Breaches at Points of Sale

“Just because you’re paranoid doesn’t mean everyone isn’t out to get you.” It’s sad when pop-culture wisdom applies equally well to payment-systems security.

The question is no longer: “Will your customer data be breached?” The question is, “How will your customer data be breached?” That is the voice of pragmatism, not paranoia, speaking.

It doesn’t take a rocket scientist, or even a computer hacker, to access customers’ accounts, often at the point of sale. For instance, a teenager working in a video store learns quickly that customer accounts can be viewed just by typing in the phone number. Dishonest restaurant servers carry “skimmers,” handheld devices that capture credit-card information in the flash of a swipe.

Although everyone agrees that security is a huge concern, opinions vary on where the biggest vulnerabilities lie. While many view the Internet as the most fertile ground for criminal activity, others see an equal or even greater risk in bricks-and-mortar retailing.

Donovan Neale-May, executive director of the Chief Marketing Officer (CMO) Council, said a recent study of 2,200 consumers conducted by his organization revealed “bricks-and-mortar retail is among the least trusted of all entities. In fact, bricks-and-mortar retailers ranked below Internet retailers.”

The study, “Secure the Trust of Your Brand,” surveyed executives as well as consumers. Of the 250 marketing executives queried, only 29% said their company had a specific crisis-containment plan in the case of a security breach, although an additional 17.7% indicated such a plan was being developed.

In light of the rising incidence of compromised consumer data, and the ensuing brand erosion that such breaches produce, it was surprising that more executives were not poised to address the fallout. The CMO Council survey also revealed that 25% of consumers would take their business elsewhere if a company compromised personal data.

Emerging trends: Regardless of where or how a breach occurs, the responsibility for protecting transactions and customer data should be shared by the retailer, financial institutions, credit-card issuers and consumers.

Jack McCoy, VP of security for Discover Financial Services, Riverwoods, Ill., suggested a number of emerging practices and technologies to make retail transactions more secure.

“We’re working on a technology where the card-verification value is randomly changed so that it becomes unique to each transaction,” he said. Discover is testing that process with at least one retail customer.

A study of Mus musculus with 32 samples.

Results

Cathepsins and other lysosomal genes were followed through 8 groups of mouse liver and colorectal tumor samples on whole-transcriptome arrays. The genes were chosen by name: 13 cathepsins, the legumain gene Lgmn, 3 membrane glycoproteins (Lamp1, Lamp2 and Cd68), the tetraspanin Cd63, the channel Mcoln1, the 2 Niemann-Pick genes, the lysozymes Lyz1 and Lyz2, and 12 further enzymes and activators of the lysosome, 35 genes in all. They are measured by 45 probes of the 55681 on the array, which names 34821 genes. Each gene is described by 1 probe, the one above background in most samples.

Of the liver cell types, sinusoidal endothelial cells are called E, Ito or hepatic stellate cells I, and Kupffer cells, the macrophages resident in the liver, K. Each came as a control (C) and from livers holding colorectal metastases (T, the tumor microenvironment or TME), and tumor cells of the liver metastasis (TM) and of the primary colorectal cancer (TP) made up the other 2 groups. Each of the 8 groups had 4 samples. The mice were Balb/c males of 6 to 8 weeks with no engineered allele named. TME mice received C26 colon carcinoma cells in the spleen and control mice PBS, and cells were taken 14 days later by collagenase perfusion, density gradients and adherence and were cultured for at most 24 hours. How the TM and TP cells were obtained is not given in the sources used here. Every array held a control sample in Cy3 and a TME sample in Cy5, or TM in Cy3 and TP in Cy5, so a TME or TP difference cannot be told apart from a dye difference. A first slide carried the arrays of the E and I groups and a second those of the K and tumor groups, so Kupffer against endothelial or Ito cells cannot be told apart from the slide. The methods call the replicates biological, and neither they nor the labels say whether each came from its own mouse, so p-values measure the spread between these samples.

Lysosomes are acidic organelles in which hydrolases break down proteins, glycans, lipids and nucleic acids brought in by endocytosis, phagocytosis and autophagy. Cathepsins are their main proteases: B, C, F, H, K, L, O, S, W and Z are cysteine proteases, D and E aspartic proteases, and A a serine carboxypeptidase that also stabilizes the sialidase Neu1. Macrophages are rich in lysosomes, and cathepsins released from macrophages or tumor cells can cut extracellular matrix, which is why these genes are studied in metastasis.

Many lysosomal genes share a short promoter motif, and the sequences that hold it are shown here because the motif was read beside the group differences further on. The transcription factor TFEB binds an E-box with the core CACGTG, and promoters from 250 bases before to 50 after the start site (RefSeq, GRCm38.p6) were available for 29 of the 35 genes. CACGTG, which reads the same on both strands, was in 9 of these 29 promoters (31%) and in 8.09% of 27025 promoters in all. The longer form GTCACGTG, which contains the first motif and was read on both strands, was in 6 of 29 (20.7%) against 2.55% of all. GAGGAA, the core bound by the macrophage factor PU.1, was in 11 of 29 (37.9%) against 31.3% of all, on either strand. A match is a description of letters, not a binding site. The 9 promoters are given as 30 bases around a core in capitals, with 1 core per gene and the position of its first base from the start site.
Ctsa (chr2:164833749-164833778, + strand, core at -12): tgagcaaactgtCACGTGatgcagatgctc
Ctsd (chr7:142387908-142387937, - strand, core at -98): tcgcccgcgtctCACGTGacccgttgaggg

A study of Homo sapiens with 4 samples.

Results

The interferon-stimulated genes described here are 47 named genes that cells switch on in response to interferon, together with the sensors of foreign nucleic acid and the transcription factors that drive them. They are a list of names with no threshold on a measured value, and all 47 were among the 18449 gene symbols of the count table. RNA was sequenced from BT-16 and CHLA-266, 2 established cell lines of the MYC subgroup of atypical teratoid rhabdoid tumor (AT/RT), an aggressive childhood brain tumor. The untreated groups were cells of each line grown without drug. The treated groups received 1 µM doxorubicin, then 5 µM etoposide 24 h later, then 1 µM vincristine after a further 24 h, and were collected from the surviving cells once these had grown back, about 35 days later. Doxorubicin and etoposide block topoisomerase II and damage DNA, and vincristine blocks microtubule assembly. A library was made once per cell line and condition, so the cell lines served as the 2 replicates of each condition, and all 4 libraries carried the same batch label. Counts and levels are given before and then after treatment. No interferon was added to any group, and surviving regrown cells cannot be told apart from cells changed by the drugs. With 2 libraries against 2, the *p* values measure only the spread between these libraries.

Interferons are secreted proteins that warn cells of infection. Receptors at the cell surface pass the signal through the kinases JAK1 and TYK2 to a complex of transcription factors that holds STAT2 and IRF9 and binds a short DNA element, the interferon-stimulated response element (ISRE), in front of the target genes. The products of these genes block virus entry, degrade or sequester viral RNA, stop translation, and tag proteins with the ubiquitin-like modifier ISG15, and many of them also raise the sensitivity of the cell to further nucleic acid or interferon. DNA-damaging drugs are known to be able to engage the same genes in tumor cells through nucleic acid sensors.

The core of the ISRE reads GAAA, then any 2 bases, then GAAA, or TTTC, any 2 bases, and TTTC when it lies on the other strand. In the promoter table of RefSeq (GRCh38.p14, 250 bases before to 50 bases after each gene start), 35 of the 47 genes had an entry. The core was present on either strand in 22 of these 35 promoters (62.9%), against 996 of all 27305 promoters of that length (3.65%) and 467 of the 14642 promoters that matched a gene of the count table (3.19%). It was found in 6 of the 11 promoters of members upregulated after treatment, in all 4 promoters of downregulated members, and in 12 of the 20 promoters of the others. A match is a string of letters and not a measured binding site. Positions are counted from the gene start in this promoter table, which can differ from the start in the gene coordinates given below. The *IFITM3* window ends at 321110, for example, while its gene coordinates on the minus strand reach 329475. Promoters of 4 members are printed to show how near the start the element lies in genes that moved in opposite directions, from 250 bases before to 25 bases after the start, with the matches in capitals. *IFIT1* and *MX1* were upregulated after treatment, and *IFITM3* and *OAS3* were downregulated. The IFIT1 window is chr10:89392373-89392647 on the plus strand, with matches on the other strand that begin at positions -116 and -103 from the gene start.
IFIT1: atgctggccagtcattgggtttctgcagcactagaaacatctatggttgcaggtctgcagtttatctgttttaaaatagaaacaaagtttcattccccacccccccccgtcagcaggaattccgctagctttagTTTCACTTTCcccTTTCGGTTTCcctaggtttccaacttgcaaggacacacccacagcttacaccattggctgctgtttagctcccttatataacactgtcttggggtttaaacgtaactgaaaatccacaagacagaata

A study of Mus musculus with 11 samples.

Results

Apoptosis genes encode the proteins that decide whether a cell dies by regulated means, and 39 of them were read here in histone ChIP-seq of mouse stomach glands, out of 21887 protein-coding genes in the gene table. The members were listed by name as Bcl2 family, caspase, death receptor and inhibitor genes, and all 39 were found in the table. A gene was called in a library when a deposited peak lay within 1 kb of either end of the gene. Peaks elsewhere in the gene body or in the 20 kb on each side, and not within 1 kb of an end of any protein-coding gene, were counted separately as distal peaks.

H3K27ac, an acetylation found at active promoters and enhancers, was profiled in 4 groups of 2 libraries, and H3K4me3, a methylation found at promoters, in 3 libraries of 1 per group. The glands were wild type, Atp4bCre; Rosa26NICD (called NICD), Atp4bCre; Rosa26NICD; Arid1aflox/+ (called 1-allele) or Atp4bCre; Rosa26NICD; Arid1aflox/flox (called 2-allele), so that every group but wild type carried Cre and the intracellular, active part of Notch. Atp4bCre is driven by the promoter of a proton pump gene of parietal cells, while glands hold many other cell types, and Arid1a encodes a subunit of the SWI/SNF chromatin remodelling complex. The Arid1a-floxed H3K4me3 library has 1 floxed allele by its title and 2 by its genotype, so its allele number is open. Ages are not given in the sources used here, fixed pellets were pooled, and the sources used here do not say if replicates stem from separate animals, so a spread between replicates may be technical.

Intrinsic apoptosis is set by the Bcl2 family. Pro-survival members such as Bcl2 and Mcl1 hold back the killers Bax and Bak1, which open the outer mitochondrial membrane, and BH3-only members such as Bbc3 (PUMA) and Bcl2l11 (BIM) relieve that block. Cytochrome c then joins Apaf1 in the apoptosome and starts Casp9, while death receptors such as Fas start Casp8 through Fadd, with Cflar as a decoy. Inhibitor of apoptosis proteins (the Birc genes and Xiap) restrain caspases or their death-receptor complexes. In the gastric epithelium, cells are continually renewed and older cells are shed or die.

For online transactions, Discover facilitates an individualized account between the retailer and consumer that seamlessly transfers charges to the consumer’s Discover account. For instance, Nordstrom shoppers can create a unique account and when they charge purchases to that account, it appears on their Discover bill. “If a hacker were to access the Nordstrom account number, there would be no way he could use it to make any purchases through this account or with the customer’s Discover card,” noted McCoy. The added layer of security is worth the few minutes a consumer spends establishing the account.

McCoy also suggested that bricks-and-mortar retailers should employ an address-verification system (AVS) as additional criteria for acceptance of debit- or credit-card transactions. The AVS can be as simple as having shoppers input a ZIP code at the point of sale each time the card is used.

Another area of in-store vulnerability that retailers sometimes overlook is the ease with which their databases might be breached via wireless technologies operating within stores.

“In stores where wireless handhelds are used, retailers have to be certain the systems have adequate firewalls,” advised McCoy. “Additionally, many of the smaller retail chains don’t know what is stored, or if customer information is stored in an unencrypted fashion. All of the software being used should comply with Payment Card Industry standards.”

Loyalty cards that are tied to any of the consumer’s personal data such as address, date of birth or credit-card numbers also present a potential point of vulnerability and all of this data should be encrypted as well.